Day Traders Diary
The major averages ended their midweek session sharply lower with the S&P 500 (-1.3%) registering its third consecutive decline as global markets responded to fresh international concerns and continued pressure in oil. The benchmark index settled just above its worst level of the day while the tech-heavy Nasdaq (-1.1%) outperformed.
The selloff in futures began during the Asian session even though the Shanghai Composite (+2.3%) was able to end its day in positive territory. This came on the heels of the People's Bank of China devaluing the yuan to its lowest level in five years against the dollar. Meanwhile, other Asian markets succumbed to continuing selling pressure after North Korea announced that it successfully carried out a hydrogen nuclear device test. The resulting force from the blast was equivalent to a 5.1 magnitude earthquake, but U.S. officials expressed doubt regarding the success of this trial. These two issues weighed heavily on European markets and helped to drive down oil prices from their overnight levels. Oil sunk further on the day following the weekly gasoline inventories that reported a build of 10.5 million barrels. WTI crude ended its pit session lower by 5.4% at $34.04/bbl.
Once the U.S. session began, the stock market gapped down, spending the late morning in a slow climb off its first-hour low; however, the rebound effort found resistance in the middle of today's trading range and stocks marked new lows in afternoon action. A slight rebound during the final hour helped the S&P 500 end the day eleven points above its low.
The late-afternoon dive to lows took place about 45 minutes after the release of the FOMC Minutes from the December meeting, which showed that it was generally agreed that liftoff conditions were met in December. Interestingly, that did not stop some members from voicing concerns about a "considerable" risk to the inflation outlook. Despite the December rate hike, the minutes struck a dovish tone, leading to renewed worries that the Fed may have embarked on a tightening path amid less-than-ideal macroeconomic conditions. Speaking of less-than-ideal macroeconomic conditions, the World Bank lowered its 2016 global growth forecast to 2.9% from 3.3%, blaming a slowdown in emerging markets for the downward adjustment.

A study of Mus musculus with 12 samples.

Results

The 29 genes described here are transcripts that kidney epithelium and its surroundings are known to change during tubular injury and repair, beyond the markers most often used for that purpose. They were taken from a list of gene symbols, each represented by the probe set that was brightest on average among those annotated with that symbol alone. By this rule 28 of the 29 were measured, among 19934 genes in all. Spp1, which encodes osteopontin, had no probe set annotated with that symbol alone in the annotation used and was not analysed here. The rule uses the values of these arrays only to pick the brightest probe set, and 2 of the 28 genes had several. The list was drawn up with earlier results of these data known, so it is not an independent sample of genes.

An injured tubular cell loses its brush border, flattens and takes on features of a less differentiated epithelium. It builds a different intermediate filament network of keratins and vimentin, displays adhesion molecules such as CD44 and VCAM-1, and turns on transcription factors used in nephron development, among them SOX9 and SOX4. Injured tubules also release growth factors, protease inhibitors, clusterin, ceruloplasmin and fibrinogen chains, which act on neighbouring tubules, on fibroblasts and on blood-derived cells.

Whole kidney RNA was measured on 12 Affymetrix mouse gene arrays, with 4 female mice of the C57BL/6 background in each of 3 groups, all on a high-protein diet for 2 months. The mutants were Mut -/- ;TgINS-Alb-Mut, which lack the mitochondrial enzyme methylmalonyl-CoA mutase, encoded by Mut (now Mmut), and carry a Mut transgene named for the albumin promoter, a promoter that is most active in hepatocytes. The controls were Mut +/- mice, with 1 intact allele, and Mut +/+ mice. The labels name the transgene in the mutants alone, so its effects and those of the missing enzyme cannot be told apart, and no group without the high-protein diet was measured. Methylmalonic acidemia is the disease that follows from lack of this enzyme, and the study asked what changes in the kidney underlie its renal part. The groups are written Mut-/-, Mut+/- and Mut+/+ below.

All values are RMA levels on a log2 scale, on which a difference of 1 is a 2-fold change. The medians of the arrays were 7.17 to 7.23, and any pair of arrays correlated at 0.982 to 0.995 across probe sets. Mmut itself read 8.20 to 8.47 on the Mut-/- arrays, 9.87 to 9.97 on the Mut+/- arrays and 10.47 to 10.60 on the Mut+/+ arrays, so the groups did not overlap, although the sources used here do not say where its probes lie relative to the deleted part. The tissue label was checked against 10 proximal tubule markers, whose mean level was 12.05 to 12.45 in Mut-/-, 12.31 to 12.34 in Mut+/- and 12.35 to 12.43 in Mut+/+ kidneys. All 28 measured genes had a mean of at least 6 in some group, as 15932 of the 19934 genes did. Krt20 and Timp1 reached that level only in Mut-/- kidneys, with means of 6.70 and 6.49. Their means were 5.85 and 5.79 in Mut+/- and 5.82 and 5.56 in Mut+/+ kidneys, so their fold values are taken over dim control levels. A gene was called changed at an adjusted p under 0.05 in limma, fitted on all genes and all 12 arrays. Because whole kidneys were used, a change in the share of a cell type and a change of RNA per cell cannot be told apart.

Leading the downside energy (-3.6%), materials (-2.6%), telecom services (-1.7%), and financials (-1.6%) trailed while utilities (-0.2%), consumer staples (-0.3%), health care (-0.8%), and consumer discretionary (-1.0%) outperformed.
In the consumer discretionary space, Netflix (NFLX 117.68, +10.02) was able to climb above both its 100-day (111.30) and its 50-day (117.01) moving averages after the company announced that its services are now available in 190 countries. The company soared 9.3% today. Elsewhere in the space, Amazon (AMZN 632.65, -1.14) started the day in negative territory but quickly rose to its flat line within the first hour. The stock ended its day lower by 0.2% but outperformed the broader sector.
Switching to technology (-1.3%), sector heavyweights Apple (AAPL 100.70, -2.01) and Microsoft (MSFT 54.05, -1.00) trailed the market with respective losses of 2.0% and 1.8%. Apple confronted the $100.00 price level while near its low but was able to defend that position. Microsoft on the other hand ceded it 50-day moving average (54.45). Elsewhere, the high-beta chipmakers had a sub-par day evidenced by the PHLX Semiconductor Index sliding 2.8%.
Meanwhile in energy, Dow component Chevron (CVX 86.07, -3.54) paced the retreat in the broader sector with a 4.0% decline. Fellow Dow member Exxon Mobil (XOM 77.47, -0.65) was able to outperform the space despite the heavy loss in oil.
In Treasuries, the benchmark note ended the day near its high with the yield on the 10-yr lower by six basis points at 2.18%.
Today's participation was ahead of average as more than a billion shares changed hands at the NYSE floor.
Economic data included ADP Employment, Trade Balance, Factory Orders, and ISM Services:
The ADP Employment report pointed to the addition of 257,000 jobs in December while the Briefing.com consensus expected a reading of 190,000
The November Trade Balance report produced a positive headline surprise, showing the trade deficit narrowing to $42.40 billion (Briefing.com consensus $44.70 billion) from a downwardly revised $44.60 billion deficit in October (from -$43.90 billion)
However, the narrowing deficit was a byproduct of imports, which were $3.80 billion less than October, falling more than exports, which were $1.60 billion less than October
Factory orders declined 0.2% in November, which was in-line with the Briefing.com consensus estimate
November marked the third decline in factory orders over the last four months
Excluding transportation, factory orders declined 0.3%
The ISM Services Index for December dipped to 55.3 from 55.9 in November, coming in below the Briefing.com consensus estimate, which was pegged at 56.4
December marked the 71st straight month of growth for the ISM Services Index. Conversely, the ISM Manufacturing Index was at 48.2 in December, which marked the first time since June-July 2009 that it has been below 50.0 in two consecutive months.
Tomorrow's economic data will be limited to the Challenger Job Cut report, which will be released at 7:30 ET, and the weekly Initial Claims report (Briefing.com consensus 270k), which will cross the wires at 8:30 ET.
Russell 2000 -3.6% YTD
Nasdaq -3.4% YTD
Dow Jones -3.0% YTD
S&P 500 -2.6% YTDAll comments contained herein are for informational purposes only, and should not be considered as a solicitation to buy or sell any security. The firm does not guarantee the accuracy or completeness of the information or make any warranties regarding results from it's usage.